October 12th, 2016

Dr Elliott Green examines Imagined Communities and nationalism in the colonial and post-colonial world


Ingrina Carson

October 12th, 2016

Dr Elliott Green examines Imagined Communities and nationalism in the colonial and post-colonial world

0 comments

Estimated reading time: 5 minutes

In a symposium on Benedict Anderson’s book Imagined Communities, first published in 1983, Dr Elliot Green looks at how relevant Anderson’s notion of ‘print capitalism’ has been to the national identity of Africa and other post-colonial countries.

Benedict Anderson’s Imagined Communities: a symposium.
Nations and Nationalism, Volume 22, Issue 4: October 2016; pp. 625-659.

LSE ID staff member Dr Elliott Green contributes to a symposium on the legacy of the late Benedict Anderson’s famous book, Imagined Communities (1983). This book, one of the most widely cited books in the social sciences, is perhaps most famous for describing nations as ‘imagined communities,’ and ascribing their rise to the role of ‘print capitalism’ with large amounts of evidence drawn from South-East Asia. In particular Anderson argues that printing allowed the creation of a common literate language within a given community and standardized the language so that people in the future could identify with those in their past, thereby leading to the development of modern national identities.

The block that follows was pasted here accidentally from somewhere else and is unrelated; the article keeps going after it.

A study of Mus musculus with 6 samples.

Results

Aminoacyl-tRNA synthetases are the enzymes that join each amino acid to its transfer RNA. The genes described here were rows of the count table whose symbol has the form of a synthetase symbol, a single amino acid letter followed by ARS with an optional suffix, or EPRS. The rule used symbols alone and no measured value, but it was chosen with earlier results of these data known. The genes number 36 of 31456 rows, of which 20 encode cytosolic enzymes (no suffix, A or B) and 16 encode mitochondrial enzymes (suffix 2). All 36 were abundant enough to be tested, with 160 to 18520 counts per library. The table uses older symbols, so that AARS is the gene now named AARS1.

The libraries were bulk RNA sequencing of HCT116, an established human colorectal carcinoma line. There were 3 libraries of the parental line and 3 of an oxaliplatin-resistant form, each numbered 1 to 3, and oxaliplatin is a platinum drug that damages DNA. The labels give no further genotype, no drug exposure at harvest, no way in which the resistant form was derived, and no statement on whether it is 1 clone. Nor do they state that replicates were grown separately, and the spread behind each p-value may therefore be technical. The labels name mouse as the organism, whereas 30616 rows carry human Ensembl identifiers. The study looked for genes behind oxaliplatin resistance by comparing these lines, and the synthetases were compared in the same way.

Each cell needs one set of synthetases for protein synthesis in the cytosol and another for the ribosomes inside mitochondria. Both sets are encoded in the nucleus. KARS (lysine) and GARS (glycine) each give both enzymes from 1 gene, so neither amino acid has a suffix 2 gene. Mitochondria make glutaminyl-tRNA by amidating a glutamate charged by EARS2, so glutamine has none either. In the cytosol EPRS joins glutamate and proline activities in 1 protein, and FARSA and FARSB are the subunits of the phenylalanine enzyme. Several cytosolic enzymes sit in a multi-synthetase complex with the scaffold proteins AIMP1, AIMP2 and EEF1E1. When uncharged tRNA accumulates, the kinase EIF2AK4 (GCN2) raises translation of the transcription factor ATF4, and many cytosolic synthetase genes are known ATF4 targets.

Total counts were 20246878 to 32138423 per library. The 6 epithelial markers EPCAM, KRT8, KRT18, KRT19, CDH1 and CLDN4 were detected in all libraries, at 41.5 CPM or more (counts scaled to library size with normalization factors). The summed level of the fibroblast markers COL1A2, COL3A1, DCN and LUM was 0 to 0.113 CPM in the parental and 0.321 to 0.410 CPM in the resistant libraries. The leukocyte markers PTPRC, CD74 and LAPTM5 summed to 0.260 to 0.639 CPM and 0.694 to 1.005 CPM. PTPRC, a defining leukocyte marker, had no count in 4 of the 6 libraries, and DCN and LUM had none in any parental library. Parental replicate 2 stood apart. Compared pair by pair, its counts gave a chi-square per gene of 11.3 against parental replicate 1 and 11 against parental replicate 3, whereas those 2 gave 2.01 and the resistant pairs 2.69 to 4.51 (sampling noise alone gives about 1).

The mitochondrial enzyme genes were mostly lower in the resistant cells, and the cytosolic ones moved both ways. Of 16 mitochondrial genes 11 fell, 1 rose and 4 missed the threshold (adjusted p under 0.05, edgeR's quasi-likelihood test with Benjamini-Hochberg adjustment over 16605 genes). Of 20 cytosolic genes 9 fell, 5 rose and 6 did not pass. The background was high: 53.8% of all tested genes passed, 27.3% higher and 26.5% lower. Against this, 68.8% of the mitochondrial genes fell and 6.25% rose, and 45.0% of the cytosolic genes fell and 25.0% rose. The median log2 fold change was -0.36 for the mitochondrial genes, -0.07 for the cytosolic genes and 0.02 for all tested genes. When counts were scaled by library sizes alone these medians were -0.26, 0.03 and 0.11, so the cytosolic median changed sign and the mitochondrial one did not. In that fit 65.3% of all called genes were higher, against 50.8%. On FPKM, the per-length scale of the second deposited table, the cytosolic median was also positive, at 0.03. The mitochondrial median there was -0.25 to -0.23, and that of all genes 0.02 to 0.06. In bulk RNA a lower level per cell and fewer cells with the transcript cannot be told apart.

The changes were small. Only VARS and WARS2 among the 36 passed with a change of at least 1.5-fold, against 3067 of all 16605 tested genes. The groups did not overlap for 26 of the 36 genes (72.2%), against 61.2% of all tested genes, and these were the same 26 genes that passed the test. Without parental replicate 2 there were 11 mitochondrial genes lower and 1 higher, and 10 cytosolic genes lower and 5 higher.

Dr Green focusses on the impact of Anderson’s work for the study of nationalism and national identity in Africa and post-colonial countries more widely. He notes that Anderson’s actual argument about the role of print capitalism has largely been neglected in favour of a focus on the concept of ‘imagined communities,’ and has thus gotten relatively little critical attention. More specifically, if we examine the degree to which printing books and the media more generally contribute to the rise of modern national identities, he finds that there is actually very little evidence supporting Anderson’s argument, at least within Africa.

Other contributors include John Breuilly (LSE), Thomas Hylland Eriksen (University of Oslo), Jonathan Hearn (University of Edinburgh), Joep Leerssen (University of Amsterdam) and John Sidel (LSE).